An Exercise in Vulnerability

Stout Studio redefine interactive experiences with support from the gx range.

Generative motion graphics agency Stout Studio launched last month, with the opening of experiential installation ‘An Exercise in Vulnerability’. The brainchild of studio founders Lewis Kyle White and Pod Bluman, the interactive installation explored technology’s effect on human relationships.

Collaborating with multidisciplinary artist Kate Tiernan, the immersive audio-visual experience shone a spotlight on our increasingly virtual existence, and challenged visitors to be open and vulnerable with a stranger. Participants were led into darkened room, where they were connected to gestural Leap Motion sensors, traditionally used in VR, and asked a series of questions. Leveraging Notch generative content technology and surrounding users in a 3D volumetric projection environment, users controlled and influenced both the audio and visuals of the experience - manipulating the images to communicate in a visual language with the stranger on the other side of the room.

The process provided each participant with a unique and individual experience. "Its been wonderful to see how visitors have understood and interpreted the visual language" reflects Pod "One of the overriding themes we discovered when speaking to participants was that the experience made them feel special, as if they were part of an experience created only for them. As they had such a tangible influence over their environment, it made the individual feel unique."

The installation was created using Leap Motion technology - a platform developed for the gestural control of VR. By leveraging this, Stout Studios developed a process path to generative content software Notch. The data sent from the users movements was then translated to create the interactive visuals. This was then sent back to the screen via a gx media server with very little latency. Generative sound was created using MAX MSP - which triggered electronic synths to create a soundtrack generated by the user data collected. It connected the audio and visuals, and married the tangible field of interactivity.

While ‘An Exercise in Vulnerability’ was deliberately more psychological in its nature - it does mark the introduction of disruptive motion graphics technology to brand and experiential events. Having already made its mark on the live music industry, generative content can be seen on some of world’s biggest tours, favored by artists including Beyoncé, The Red Hot Chili Peppers and U2.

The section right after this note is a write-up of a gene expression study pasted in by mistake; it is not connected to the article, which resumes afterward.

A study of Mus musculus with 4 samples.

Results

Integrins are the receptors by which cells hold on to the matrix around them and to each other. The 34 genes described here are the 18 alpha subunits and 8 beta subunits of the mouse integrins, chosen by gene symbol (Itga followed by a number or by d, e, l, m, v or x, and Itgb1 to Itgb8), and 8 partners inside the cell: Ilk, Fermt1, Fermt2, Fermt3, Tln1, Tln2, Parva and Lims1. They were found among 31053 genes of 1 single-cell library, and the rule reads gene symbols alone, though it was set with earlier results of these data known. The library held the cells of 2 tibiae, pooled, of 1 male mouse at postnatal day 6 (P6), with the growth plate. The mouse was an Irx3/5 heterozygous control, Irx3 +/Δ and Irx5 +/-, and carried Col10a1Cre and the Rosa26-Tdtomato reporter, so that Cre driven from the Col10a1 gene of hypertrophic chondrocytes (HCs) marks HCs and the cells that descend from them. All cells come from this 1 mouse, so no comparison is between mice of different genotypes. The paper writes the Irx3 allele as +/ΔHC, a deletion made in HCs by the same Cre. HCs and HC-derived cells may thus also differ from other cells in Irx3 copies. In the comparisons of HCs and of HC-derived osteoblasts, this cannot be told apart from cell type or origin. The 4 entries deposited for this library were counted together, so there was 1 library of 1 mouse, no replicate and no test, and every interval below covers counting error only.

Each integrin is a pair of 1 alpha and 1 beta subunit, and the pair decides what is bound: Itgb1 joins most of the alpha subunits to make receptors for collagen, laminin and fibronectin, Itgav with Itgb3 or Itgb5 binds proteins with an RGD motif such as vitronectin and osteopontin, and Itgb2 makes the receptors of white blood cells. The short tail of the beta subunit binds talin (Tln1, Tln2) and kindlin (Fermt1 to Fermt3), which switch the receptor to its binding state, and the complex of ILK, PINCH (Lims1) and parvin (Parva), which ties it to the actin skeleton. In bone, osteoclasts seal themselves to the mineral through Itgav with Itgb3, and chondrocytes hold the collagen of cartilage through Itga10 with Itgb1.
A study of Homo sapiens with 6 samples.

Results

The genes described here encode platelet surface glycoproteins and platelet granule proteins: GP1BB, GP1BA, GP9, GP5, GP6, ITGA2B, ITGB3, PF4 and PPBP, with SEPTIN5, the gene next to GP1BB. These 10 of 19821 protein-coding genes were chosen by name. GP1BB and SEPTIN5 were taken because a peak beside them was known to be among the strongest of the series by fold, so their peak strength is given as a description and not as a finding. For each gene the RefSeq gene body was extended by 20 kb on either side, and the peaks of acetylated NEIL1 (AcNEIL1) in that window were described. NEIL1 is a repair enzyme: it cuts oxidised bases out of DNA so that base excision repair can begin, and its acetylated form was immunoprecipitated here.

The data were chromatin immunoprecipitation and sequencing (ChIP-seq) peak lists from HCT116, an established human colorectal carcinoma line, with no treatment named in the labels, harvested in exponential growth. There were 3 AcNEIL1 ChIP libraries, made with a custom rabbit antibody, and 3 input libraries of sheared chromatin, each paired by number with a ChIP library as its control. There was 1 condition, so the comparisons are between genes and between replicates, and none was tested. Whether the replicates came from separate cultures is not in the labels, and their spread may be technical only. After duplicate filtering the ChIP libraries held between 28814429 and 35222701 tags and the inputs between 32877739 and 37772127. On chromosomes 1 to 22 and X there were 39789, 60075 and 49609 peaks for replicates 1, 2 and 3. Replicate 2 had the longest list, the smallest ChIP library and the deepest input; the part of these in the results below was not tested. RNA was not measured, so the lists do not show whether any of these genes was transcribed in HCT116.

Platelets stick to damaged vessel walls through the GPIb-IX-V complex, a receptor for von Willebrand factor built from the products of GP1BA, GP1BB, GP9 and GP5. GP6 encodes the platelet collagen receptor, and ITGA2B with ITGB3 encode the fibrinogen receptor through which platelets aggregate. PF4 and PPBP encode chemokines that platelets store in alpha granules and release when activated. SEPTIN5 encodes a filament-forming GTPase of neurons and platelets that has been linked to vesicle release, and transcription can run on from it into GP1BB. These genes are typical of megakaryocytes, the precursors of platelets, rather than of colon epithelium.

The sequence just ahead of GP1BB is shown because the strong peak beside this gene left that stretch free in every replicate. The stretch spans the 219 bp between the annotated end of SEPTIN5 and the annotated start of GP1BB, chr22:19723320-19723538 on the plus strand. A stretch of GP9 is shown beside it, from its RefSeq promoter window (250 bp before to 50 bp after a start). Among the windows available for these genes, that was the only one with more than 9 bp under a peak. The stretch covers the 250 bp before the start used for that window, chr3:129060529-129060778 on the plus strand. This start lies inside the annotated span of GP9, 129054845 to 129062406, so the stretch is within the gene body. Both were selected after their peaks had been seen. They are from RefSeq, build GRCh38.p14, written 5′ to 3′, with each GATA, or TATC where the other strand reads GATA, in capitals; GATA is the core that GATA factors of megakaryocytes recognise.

"Real time generated content allows for pure interaction. It puts users at the heart of the event. Previous technologies involve pre-visualising and rendering content that you would effectively press play and run." states Lewis. "Stout Studio provides brands and experiential agencies the expertise to create unique visual identities and experiences, for multitude of targeted audiences."

From completely immersive visual experiences, small kiosk style activations, to an engaging experience in a shop window that passers by can engage with, the flexibility of generative content means the possibilities are endless. However, its not just the visuals that disrupt the status quo.

The data gathered from the participant sensors can be recorded and analyzed, allowing brands to collect data like never before. By creating an intelligent and scrutinized approach to how you gather the data and the research parameters, brands can integrate analytics based programs that measure the emotional response to the content delivered.

The data collected is organic and attached to an individual. Although the experience is very digital, the data generated from the participant is sent through an interface and used to influence and project an organic visual experience.

Pod concludes "We have worked with many high profile brands on experiential activations - many are looking for a level of interactivity that has not yet been possible. This new technology really opens the doors to infinite possibilities for truly responsive content and immersive experiences."